Across the country, there is a growing child care crisis. It's a crisis made worse by theand stagnant wages.
According to a Harvard Business Review Survey, nearly two-thirds of parents have had trouble finding child care in the pandemic, especially Black and Brown families. Meanwhile child care facilities nationwide are reporting they can't find or retain staff.
Cindy Moats never imagined that after more than 35 years in business, she would be forced to close her day care. Her facility serves around 100 kids in Billings, Montana.
"It's the most devastating decision I have ever had to make in my life," Moats told CBS News' Meg Oliver.
Before the pandemic, Moats had around 35 to 40 employees. She is now down to 15 employees, which she said is not enough to stay open.
"I can only do so much when I can't get the workforce. I can't do this job to my expectation or anyone's expectation without a workforce," said Moats.
A survey from The National Association for the Education of Young Children found four in five day cares nationwide are understaffed. 78% of those surveyed said low wages are the main reason it's hard to recruit new employees.
One mother described to Oliver how difficult it is for her to find affordable child care.
"If you don't have a job, then you can't afford to have child care while you're looking for one. If you get a job, you have to have child care almost immediately so that you can start. But there aren't any spaces available," Sarah Smith said.
Smith works at Explorer Academy in Bozeman, Montana. Her 3-year-old daughter attends day care here, so in return, Smith gets child care for about 30% of the usual cost. She told Oliver that child care costs her two-thirds of her rent.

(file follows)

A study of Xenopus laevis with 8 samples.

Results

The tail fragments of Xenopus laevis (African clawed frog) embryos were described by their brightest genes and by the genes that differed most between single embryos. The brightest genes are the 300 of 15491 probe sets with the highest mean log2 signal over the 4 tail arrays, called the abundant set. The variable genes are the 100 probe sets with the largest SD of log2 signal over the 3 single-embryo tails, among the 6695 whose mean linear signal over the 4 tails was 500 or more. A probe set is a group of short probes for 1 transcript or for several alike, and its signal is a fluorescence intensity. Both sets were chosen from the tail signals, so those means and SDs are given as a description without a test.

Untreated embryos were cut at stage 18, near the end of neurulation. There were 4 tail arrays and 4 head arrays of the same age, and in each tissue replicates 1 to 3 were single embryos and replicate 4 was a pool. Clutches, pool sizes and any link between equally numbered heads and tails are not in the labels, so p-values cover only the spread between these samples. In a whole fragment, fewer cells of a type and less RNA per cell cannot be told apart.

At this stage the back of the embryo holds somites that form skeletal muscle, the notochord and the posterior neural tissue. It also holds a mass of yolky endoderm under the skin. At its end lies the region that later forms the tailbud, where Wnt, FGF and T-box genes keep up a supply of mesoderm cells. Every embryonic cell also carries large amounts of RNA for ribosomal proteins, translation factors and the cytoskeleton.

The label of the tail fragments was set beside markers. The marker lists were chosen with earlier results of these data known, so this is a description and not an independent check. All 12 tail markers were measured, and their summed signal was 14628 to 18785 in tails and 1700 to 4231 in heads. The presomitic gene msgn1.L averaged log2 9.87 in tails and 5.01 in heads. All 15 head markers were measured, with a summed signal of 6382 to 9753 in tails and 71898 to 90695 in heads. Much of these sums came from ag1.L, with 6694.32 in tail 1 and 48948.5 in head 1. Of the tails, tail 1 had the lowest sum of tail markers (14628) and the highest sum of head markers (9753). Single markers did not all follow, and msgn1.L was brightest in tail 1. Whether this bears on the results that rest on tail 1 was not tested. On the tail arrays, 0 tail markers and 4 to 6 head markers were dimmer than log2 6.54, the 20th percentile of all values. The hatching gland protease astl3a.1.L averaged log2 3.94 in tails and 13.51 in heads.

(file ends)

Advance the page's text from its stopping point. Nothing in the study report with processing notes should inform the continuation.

According to the U.S. Treasury Department, parents of children under 5-years-old pay on average around $10,000 a year for child care. Families currently need to devote about 13% of their income to child care, a number the U.S. Treasury considers unaffordable for most.
Smith is very grateful for her job, where her salary is around double the average for day care workers in the state. But she has a master's degree and is a teacher by trade—a career she's put on hold to afford child care.
In Bozeman, Smith is qualified to make between $65,000 - $70,000. Instead, Smith said she makes $40,000.
Jessica Dehn is the owner of Explorer Academy where Smith works. Dehn committed to staying open, which means she's had to raise the price she charges families. To retain staff, she has to pay them competitively.
"What kind of competition are you facing in terms of salaries out there right now?" Oliver asked.
"Well, it's very terrifying to have a weekend because often my staff will go to a social event and just get offered five dollars more an hour," Dehn replied.
"What kind of jobs are they leaving for?" Oliver asked.
"Honestly, a few have left to work in marijuana, grow places. That kind of breaks my heart because I'm like, I could really use their skills and their love and their passion with children and the idea of that picking buds, this kind of bums me out a lot," Dehn said.
Chastity Lord, the president and CEO of Jerimiah Program, said child care is a social justice, economic, and community issue. Jeremiah Program helps disrupt poverty by supporting single moms and their children.
"90% of child care workers are women, 50% of those are women of color, their average pay is $12 an hour. The average pay for someone literally serving coffee in this country, is $15 an hour. You are having people who sit at the nexus of child development in this country, who are literally working poor," Lord said.
Moats is now closing Discovery Daycare & Preschool at the end of the month.
"It's really hard to look at a parent and know they don't have anywhere to take their kids. And they still have to go to work," Moats said.
Megan Strickland is one of those parents. She attended this day care as a child, and now her 2-year-old daughter goes here.
"We don't have a plan yet," she said. "I don't know what we will do. I have to stay working. That's not an option for our family."
Strickland is a nurse and pregnant with her second child. She said she is devastated by the day care's closing.
"I don't know what has to change, but something has to change, something has to give at some point," she said.